The teak deck on my 42 ft '84 GB trawler has some spots now that are beginning to separate. Nothing fully separated yet but the process has begun. I want to look at 2 options, replace the deck in teak and replace in fiberglass. From what I've heard in the past the cost of the first option is about $30K and the second about $20K. My questions to the forum are: a) are there any other options? and b) recommendations for places on the East Coast/Chesapeake Bay or Gulf of Mexico areas for doing a good job at a reasonable price? I'm currently in the north Chesapeake Bay area but plan to go south next year.
If the planks are worn beyond repair in many spots, it may be time to look at replacement. I think you are underestimating what a quality teak deck replacement would cost. If going with fiberglass, you’ll need to build up the deck to replace the strength/stiffness of the removed planks.
Originally Posted by gsholz View Post
If by separating you mean the caulking has separated from the planks, the caulking can be replaced. If the grooves are too shallow in places, they can be regrooved. Bungs can be replaced. Lots of how to videos on YouTube.
If the planks are worn beyond repair in many spots, it may be time to look at replacement. I think you are underestimating what a quality teak deck replacement would cost. If going with fiberglass, you’ll need to build up the deck to replace the strength/stiffness of the removed planks.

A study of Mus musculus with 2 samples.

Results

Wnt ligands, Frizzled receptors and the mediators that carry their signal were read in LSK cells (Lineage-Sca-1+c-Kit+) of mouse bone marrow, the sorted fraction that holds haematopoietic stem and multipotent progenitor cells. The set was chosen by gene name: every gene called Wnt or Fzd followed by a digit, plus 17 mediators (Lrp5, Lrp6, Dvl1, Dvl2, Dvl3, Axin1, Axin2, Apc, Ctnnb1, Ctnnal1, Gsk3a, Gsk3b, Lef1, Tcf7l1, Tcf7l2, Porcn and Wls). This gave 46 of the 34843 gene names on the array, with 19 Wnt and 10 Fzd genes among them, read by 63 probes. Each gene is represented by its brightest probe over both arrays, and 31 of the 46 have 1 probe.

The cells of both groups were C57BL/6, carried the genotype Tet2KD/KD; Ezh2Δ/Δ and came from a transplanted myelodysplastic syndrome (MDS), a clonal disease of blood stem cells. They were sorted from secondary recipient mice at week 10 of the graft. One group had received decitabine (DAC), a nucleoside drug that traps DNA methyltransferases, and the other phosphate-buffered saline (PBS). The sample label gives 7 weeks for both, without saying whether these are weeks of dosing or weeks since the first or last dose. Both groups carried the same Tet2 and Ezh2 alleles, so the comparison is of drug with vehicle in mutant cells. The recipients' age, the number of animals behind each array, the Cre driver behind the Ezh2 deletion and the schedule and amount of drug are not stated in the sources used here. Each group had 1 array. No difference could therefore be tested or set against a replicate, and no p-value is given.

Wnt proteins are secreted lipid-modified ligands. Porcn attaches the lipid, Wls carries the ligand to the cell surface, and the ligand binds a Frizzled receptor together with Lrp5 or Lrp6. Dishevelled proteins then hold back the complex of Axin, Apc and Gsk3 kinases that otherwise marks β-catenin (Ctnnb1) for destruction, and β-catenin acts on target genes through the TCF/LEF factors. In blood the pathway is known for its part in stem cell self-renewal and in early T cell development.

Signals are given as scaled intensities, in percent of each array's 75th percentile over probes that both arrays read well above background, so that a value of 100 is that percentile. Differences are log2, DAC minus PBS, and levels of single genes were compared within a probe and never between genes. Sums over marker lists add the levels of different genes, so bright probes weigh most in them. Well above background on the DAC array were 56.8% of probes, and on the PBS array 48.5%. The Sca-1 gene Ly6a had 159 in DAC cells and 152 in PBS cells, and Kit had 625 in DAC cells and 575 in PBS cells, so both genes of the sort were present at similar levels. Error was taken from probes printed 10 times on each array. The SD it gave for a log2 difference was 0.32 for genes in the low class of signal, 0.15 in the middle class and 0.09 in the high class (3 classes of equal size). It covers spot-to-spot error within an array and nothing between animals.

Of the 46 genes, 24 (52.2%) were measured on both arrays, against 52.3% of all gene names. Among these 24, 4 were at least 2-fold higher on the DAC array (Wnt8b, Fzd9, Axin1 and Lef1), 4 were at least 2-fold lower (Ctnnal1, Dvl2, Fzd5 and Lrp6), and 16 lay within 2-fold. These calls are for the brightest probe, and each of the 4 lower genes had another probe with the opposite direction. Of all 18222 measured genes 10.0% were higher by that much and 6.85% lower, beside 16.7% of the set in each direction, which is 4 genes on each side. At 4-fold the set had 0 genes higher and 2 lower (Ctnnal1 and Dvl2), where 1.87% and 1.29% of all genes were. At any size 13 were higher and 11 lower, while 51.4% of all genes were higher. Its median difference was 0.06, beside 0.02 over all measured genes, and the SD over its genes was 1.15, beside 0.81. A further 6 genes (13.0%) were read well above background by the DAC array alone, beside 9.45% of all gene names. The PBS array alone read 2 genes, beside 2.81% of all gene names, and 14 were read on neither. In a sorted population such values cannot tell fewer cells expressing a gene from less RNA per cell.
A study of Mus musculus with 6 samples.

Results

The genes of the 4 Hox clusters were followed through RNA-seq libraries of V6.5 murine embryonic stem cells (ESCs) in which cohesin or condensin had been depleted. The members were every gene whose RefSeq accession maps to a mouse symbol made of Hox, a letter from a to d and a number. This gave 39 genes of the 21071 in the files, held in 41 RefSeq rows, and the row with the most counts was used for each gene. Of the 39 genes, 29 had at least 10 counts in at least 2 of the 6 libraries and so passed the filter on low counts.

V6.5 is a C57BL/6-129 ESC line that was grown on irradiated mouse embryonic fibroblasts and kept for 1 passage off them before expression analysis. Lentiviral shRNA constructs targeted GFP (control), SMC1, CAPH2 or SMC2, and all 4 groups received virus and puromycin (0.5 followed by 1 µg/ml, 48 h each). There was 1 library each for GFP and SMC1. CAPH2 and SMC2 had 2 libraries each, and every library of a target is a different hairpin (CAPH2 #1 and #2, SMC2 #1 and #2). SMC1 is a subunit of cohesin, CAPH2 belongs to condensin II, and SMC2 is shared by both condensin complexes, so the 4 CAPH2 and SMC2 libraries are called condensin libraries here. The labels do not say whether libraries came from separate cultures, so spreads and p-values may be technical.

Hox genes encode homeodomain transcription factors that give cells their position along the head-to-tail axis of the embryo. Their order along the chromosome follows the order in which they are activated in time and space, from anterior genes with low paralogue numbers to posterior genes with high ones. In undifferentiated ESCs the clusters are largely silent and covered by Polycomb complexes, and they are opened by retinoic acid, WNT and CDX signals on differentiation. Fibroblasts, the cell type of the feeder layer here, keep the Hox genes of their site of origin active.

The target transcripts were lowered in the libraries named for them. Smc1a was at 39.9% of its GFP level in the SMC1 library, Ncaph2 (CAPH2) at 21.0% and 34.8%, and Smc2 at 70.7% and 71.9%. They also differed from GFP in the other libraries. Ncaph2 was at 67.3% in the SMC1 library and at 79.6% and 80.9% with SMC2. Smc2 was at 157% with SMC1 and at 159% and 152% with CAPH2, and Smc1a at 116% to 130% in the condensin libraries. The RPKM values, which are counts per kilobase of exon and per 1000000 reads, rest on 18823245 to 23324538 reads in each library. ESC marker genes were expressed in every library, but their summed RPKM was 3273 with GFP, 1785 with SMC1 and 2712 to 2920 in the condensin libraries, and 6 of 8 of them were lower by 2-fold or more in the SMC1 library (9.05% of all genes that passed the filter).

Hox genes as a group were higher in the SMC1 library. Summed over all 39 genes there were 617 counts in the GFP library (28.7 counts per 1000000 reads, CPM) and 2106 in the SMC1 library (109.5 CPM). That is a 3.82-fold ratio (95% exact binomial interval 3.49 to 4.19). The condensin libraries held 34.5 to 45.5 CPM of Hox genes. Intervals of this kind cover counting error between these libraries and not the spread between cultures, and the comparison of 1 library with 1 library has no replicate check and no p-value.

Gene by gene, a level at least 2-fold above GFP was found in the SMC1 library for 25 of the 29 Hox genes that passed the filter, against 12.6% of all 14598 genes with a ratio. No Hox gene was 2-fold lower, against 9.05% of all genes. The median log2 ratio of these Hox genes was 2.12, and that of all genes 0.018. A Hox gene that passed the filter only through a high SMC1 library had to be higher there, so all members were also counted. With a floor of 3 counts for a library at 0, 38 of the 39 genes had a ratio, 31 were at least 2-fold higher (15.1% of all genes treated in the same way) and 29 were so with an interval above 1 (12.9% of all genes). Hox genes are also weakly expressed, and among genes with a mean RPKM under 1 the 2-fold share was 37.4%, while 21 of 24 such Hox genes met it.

I am with gsholz in this.

Your teak decks from GB are likely 1/2" thick, so it is very unlikely that they are worn down so far as to need more than a general tune up.
You can tune them up easily, for little $. Get Lifecaulk black sealant. That is easy to apply and will adhere to the existing caulk and to the adjacent teak, if both surfaces are clean and dry. Do the spots that have separated. If they remain wet for a long time after a rain, wait for a dry couple of days, then use a hair dryer to get the last of the moisture out. apply the lifecaulk and grind it down to level after it cures.
If you also have plug (bung) failures, either by standing proud of the rest of the surface, or missing, remove both the plug and the screw below it. fill the hole with epoxy and put in a new plug. You may need to drill the hole a little to get a round, smooth hole of sufficient depth to hold the new plug. In drilling that new hole, you will see how thick your deck boards are at that location. It will be thicker than you thought. Once the epoxy has set, grind the new plug level. Bob's your uncle!

I had a few spots that were bothering me this year. The above is what I did. About 2 dozen plugs replaced, all the screws in those spots jettisoned and new plugs installed. now, only a couple of weeks later, I can't find most of the places repaired and I am happy with my 39 yr old teak decks.
I did about 12" of separating seam repairs a couple of years ago and didn't need to do any more this time.

The screws were used for many years by deck tradesmen. Not any more, as they eventually figured out that the black gunk the decks are laid on eventually sets up and holds them in place forever. The screws were redundant after the gunk set up, so your replacements don't need screws.